More On Legal & Compliancefrom The Advisor's Professional Library
- Differences Between State and SEC Regulation of Investment Advisors States may impose licensing or registration requirements on IARs doing business in their jurisdiction, even if the IAR works for an SEC-registered firm. States may investigate and prosecute fraud by any IAR in their jurisdiction, even if the individual works for an SEC-registered firm.
- Anti-Fraud Provisions of the Investment Advisers Act RIAs and IARs should view themselves as fiduciaries at all times, whether they meet the legal definition or not. Deviating from the fiduciary standard of full disclosure while courting clients may cause the advisor significant problems.
On Tuesday, FINRA announced that it had levied a $300,000 fine on Wells Investment Securities for what the regulator said were “misleading marketing materials” distributed by the firm from 2007 through 2009 related to the Wells Timberland REIT Inc. non-traded real estate investment trust.
In its finding, to which (as is usual in such cases) Wells neither admitted nor denied the charges, FINRA said that from May 2007 to September 2009 the firm reviewed, approved and distributed 116 advertising and sales pieces. Among the “misleading, unwarranted and exaggerated statements” in those pieces, said FINRA, was an initial offering prospectus for the REIT that misstated its tax year qualification date, which suggested that Wells Timberland was a REIT when in fact it had not qualified as a REIT, meaning it did not qualify for certain tax benefits offered by such vehicles.
In addition, the materials contained misleading statements, FINRA found, regarding Wells Timberland's “portfolio diversification and ability to make distributions and redemptions.”
In a statement released to the media, Wells wrote that "these proceedings were not related to any misuse of investor funds, nor were they a result of complaints received from Wells investors." Further, the statement notes that Wells "takes this and all regulatory matters seriously and has cooperated to its fullest extent to address the issues raised by FINRA," that the advertising materials in question "had been properly filed" with the SEC, and in addition that "certain of the materials were filed with FINRA."
In a statement accompanying the FINRA announcement, FINRA’s chief of enforcement, Brad Bennett, said that by releasing materials to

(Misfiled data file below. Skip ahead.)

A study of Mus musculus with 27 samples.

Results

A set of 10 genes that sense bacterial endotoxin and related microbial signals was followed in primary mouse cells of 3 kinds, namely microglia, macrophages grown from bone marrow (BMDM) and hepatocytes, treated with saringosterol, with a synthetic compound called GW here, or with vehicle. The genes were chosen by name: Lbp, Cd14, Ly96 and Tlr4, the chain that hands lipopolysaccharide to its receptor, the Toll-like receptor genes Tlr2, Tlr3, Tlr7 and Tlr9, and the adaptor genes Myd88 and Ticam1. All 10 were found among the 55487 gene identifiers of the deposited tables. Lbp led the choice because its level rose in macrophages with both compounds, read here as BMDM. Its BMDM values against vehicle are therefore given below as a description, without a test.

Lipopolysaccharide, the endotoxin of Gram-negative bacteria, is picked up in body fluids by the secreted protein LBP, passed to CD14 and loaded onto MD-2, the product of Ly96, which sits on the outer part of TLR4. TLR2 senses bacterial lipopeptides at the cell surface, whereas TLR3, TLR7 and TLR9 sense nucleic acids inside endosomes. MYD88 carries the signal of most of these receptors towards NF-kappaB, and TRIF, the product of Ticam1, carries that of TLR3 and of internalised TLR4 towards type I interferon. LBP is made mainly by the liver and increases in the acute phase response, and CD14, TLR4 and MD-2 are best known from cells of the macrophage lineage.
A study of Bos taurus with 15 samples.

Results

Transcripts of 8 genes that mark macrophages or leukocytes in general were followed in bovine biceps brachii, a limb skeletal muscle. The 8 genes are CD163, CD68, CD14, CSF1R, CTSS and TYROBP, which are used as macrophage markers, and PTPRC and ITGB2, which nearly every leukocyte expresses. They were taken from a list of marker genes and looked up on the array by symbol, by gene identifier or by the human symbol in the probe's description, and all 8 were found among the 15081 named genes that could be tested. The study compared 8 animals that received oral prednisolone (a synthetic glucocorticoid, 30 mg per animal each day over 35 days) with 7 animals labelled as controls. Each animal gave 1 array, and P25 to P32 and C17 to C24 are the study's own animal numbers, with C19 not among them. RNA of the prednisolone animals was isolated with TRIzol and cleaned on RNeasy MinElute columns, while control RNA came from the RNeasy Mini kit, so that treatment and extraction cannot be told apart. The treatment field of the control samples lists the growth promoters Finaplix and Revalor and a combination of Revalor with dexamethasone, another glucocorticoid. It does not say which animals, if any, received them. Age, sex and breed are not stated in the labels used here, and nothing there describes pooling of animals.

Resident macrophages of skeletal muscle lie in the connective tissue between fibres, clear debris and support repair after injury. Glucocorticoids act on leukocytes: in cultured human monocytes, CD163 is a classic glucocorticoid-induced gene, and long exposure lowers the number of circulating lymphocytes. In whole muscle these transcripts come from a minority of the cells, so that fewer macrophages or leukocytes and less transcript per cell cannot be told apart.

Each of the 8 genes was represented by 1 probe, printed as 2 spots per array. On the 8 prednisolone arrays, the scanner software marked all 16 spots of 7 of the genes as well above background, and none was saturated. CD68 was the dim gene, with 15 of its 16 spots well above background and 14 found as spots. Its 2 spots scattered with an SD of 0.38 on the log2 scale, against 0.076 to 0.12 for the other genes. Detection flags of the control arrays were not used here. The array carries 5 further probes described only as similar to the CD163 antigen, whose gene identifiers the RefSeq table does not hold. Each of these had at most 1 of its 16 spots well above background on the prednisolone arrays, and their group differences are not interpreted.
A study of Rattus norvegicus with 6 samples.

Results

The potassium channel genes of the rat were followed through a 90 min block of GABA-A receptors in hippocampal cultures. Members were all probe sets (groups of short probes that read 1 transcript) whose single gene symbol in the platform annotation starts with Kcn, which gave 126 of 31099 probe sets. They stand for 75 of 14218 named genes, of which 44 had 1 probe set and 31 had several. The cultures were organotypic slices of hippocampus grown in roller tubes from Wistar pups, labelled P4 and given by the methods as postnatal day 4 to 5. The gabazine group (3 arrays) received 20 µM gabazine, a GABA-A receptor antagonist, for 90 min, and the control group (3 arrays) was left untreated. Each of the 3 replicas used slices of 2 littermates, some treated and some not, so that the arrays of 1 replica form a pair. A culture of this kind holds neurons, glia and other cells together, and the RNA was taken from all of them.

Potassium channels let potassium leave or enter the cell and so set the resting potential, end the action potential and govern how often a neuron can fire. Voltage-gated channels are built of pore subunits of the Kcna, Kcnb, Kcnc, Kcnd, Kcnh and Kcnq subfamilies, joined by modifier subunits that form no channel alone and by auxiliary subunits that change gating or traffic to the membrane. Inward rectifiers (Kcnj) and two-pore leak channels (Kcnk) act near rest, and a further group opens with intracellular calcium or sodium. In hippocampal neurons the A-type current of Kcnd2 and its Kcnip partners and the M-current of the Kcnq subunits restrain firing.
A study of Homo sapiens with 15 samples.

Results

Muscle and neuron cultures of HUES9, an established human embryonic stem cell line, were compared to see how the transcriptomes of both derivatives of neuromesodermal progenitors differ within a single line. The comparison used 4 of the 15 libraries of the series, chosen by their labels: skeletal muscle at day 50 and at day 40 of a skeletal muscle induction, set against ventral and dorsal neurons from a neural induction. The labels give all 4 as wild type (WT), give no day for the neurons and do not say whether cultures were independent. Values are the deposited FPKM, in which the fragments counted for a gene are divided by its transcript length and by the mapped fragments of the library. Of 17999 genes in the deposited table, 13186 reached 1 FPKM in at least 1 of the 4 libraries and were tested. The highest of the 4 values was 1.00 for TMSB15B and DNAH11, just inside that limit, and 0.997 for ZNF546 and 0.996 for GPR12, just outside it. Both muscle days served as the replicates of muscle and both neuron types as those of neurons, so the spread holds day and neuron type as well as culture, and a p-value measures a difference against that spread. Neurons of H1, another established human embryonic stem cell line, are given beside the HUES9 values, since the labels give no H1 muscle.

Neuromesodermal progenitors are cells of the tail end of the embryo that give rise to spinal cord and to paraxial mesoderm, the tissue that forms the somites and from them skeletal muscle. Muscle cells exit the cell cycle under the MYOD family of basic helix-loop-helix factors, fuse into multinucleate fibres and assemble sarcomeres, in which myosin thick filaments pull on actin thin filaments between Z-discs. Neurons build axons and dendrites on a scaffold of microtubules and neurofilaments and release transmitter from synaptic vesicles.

Finally, FINRA found that Wells failed to have supervisory procedures and adequate encryption techniques in place that would protect “sensitive customer and proprietary information stored on laptops.”
Wells Investment Securities is part of Wells Real Estate Funds Inc., which is led by its colorful founder and president, Leo Wells (left). According to Wells Timberland REIT Inc.’s latest 10K filing with the Securities and Exchange Commission, the company was incorporated in September 2005, began operations in July 2007 and as of Dec. 31, 2010 had $360 million in total assets, including $340 million in timber and timberland.
In its latest finding on the Timberland REIT, FINRA pointed out that in 2003, Wells Investment Securities and Leo Wells were censured and fined $150,000 for what one of FINRA’s predecessor organizations at the time, NASD, said was “rewarding broker/dealer representatives who sell their REITs with lavish entertainment and travel perquisites” at two conferences. NASD also suspended Leo Wells from acting in a principal capacity for one year.
Mary Schapiro, then vice chairman of NASD, said at the time that "Our non-cash compensation rules help ensure that members and their representatives make recommendations that are in the best interest of their customers. This case makes it clear that NASD will not tolerate any payment of non-cash compensation that runs afoul of those rules."
Last month, FINRA issued an Investor Alert called Public Non-Traded REITs–Perform a Careful Review Before Investing, designed to help investors understand the benefits, risks, features and fees of non-traded REITs.